Happy New Year everyone! Through the foggy haze of Hogmanay, we’ve put our heads together and here are the winners for the awards that are undoubtedly more important to Scottish Rugby than the Oscars…
Young Player of the Year: there are any number of nominations here, so to make it manageable we’re counting “young” as under 21; these guys can’t buy beer in a Scotmid. For Edinburgh, Blair Kinghorn has had a year to remember – much to Glenn Bryce’s frustration no doubt – having cemented a spot in the first team, aged 19. Magnus Bradbury turned 21 this year and earned his first cap. At Glasgow, Scott Cummings had a good tail end to last season but injury has hampered him massively this season. Most impressive though has been the rise of Zander Fagerson. The tighthead became Scotland’s youngest debut prop since 1948 and after WP Nel was rested over the autumn, has cemented himself as his challenger or successor with a strong series of games against some hefty scrummaging units.
The Respect The Kicker Award: goes to this effort from someone in charge of the iPod at the Stade Mayol:
The force is not with Leigh tonight. pic.twitter.com/YFabOBNieh
— Adam Kyriacou (@PlanetRugbyAK) January 1, 2017
The Respect The Officials Award: this one goes to John Muldoon of Connacht, who managed to convince French referee Matthieu Raynal – coming to a Calcutta Cup near you – that the new directives for 2017 were already in place, and that they could kick for touch and still take the lineout even after 80 minutes was up. Connacht went on to score a try, the conversion winning them the match.
The Pascal Pape Fair Play Award: stiff competition from the big man himself after the PapeSlappe™ but this one goes to Keith Earls of Munster, who reacted poorly – during an understandably heated occasion – when he was red carded for a tip tackle, then reacted poorly again in the media. He possibly still thinks Fraser Brown milked it, even though he’s been forced to issue any number of clarifying statements after that particular opinion seemed to contradict the one he gave to the disciplinary panel and possibly to Brown himself. Thankfully it is in the past now, but expect Earls to be treated like a pantomime villain at Scotstoun for a wee while.
Try of the Year: sorry Matt Taylor, who probably had kittens, but it has to be this one:
Close runners up were Visser against France, Hogg against Ireland, any of Huw Jones’ in the Autumn and Strauss against Racing 92 as well at least a couple of these Edinburgh tries against Quins:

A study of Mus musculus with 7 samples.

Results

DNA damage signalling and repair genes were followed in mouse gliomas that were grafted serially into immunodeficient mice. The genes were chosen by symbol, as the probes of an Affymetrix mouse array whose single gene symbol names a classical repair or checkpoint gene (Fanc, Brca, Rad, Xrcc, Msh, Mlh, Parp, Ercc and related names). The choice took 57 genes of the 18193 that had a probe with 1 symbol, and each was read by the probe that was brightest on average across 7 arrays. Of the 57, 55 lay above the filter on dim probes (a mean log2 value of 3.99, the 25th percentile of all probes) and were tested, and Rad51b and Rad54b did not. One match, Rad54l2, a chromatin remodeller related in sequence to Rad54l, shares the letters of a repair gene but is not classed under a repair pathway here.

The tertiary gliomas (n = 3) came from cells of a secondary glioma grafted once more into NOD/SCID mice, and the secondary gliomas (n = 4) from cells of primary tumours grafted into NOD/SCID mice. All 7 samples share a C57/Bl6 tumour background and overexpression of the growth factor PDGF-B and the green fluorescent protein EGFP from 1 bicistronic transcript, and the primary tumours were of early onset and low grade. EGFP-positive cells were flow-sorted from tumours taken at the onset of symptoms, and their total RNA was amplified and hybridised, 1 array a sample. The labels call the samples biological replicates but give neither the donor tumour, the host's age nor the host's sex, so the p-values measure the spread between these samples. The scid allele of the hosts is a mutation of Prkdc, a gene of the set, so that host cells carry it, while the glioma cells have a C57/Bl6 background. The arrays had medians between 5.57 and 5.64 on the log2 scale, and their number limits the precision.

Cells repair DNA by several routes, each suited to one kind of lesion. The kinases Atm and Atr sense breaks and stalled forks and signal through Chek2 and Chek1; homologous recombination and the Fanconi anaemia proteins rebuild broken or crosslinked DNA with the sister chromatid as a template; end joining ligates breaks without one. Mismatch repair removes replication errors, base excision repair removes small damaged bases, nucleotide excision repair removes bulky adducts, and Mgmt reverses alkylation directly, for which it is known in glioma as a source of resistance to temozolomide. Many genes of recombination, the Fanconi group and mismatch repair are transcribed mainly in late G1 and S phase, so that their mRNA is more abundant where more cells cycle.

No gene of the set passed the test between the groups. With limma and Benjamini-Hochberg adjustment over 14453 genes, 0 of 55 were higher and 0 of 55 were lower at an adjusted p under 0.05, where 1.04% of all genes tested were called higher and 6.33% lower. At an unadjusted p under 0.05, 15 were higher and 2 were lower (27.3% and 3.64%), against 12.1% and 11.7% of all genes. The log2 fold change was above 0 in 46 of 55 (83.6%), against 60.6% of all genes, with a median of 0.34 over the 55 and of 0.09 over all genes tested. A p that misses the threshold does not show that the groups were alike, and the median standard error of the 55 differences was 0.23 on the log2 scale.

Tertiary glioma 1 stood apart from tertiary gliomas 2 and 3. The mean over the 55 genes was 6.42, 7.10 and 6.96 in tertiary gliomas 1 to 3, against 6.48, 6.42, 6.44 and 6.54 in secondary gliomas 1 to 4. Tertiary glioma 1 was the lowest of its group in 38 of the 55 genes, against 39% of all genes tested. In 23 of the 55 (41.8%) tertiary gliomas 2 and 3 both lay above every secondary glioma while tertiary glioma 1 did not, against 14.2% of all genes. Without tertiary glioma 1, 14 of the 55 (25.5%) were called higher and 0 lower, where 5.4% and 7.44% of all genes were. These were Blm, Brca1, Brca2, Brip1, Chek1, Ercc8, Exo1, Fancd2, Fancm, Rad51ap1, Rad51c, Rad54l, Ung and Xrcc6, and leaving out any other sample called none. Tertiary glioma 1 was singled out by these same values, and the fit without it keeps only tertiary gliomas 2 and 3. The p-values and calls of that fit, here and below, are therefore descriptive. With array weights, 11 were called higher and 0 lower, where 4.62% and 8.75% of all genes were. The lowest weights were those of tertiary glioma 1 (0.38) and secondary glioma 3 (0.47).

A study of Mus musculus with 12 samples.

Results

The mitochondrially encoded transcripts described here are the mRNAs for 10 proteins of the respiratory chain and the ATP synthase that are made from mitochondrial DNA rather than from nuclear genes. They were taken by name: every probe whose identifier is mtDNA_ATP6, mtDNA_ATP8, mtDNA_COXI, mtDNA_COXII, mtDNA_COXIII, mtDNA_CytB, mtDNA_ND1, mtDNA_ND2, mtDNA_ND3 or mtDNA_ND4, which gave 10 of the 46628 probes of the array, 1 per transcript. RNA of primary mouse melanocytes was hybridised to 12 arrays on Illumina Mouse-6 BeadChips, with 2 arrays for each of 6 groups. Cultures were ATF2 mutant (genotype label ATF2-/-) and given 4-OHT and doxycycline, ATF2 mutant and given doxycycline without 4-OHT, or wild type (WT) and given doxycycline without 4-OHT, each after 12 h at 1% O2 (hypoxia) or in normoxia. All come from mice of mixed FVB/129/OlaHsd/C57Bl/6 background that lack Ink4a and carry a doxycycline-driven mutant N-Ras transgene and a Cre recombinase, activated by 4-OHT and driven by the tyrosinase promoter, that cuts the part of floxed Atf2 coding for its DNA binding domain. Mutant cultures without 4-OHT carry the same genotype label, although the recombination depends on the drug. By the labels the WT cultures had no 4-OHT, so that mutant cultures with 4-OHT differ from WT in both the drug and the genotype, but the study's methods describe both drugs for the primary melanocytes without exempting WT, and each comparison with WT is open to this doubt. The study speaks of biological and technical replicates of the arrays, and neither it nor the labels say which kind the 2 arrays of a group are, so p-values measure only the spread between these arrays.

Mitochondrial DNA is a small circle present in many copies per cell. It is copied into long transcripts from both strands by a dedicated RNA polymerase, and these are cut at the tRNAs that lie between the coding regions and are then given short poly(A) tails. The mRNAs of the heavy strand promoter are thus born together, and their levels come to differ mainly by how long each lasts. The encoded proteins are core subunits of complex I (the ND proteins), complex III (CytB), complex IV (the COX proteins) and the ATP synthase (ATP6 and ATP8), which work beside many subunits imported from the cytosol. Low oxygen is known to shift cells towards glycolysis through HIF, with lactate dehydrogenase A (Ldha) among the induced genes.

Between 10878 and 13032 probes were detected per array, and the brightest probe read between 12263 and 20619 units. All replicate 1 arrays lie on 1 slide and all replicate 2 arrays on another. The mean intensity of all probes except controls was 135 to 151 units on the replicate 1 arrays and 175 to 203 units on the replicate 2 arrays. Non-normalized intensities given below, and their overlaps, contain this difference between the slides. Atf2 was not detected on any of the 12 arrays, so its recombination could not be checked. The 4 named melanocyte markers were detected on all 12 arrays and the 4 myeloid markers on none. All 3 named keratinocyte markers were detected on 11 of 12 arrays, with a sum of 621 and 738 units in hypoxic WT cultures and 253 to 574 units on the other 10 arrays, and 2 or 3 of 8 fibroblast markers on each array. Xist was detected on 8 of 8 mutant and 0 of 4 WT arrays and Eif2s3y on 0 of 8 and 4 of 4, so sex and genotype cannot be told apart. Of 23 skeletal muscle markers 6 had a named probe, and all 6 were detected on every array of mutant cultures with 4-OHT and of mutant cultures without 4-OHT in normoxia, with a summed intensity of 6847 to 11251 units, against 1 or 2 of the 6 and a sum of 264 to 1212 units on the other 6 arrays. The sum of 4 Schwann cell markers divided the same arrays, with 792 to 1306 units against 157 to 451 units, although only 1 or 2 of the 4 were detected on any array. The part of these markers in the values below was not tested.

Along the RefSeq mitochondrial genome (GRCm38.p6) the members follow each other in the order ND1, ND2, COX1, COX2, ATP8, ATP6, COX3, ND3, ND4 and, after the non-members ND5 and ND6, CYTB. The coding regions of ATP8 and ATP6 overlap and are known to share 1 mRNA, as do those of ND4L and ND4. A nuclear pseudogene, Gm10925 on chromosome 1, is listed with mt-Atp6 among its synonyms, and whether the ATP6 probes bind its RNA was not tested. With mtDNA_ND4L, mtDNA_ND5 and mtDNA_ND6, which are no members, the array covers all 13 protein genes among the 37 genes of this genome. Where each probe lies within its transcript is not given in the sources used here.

Breakthrough of the Year: Duncan Taylor had a Six Nations to remember, and Hamish Watson has finally disproved his doubters after the Autumn. Ali Price has developed rapidly this season for Glasgow, to the point where co-captain Henry Pyrgos’s shirt is genuinely under threat, and he’s bagged himself a Scotland cap now too. But in terms of impact on the national level, take a bow Huw Jones. In the spring it was all about the rise of Taylor (himself not initially first choice during the Six Nations), until the well-regarded Stormers centre sneaked in stage left for a first cap on the Japan tour after Finn Russell was injured. He followed up that fairly innocuous start with a hugely impressive 2-try performance against Australia and created another one against Argentina, and he was going well until he was injured in the act of offloading it to Sean Maitland. Short and sharp but he’s left a big impression on Scotland fans. He’s only 22, and could perhaps be part of our own golden generation along with the likes of Gray, Hogg, Russell and Bennett. So don’t worry about him playing Super Rugby for another season at least – as long as they let him play for Scotland too.
Moment of the Year: No contest really: Scotland 7s winning a first ever World Series Sevens tournament at Twickenham (just in time to be under-represented in the Olympic squad). Particular mention to Dougie Fife, comeback king of the year both in the final and in general.
Player of the Year: much like the Man of the Match awards he hoovers up pretty regularly, this one is easy. Hamish Watson, Finn Russell and Stuart Hogg came close. However, Jonny Gray has been head and shoulders above every other Scottish lock – even his brother who stands 10cm taller – and in terms of tackling stats he’s miles ahead of everyone else too; according to Ultimate Rugby he’s missed 3 tackles all year at any level for a total of 204. The battle for those red shirts and a seat on the plane to New Zealand is most heated in the second row, where there are probably 8 or 9 candidates Gatland could choose. Even taking 4 or 5 as he is likely to, will mean some culling of talent. Jonny has the work ethic, the precision in defence and the attitude for it, but does his dogged hard work but perceived quiet personality put him behind some of the showier candidates (for example Maro Itoje) in the perception that somehow he isn’t the complete rugby player? Well, he is only 22. Give him time.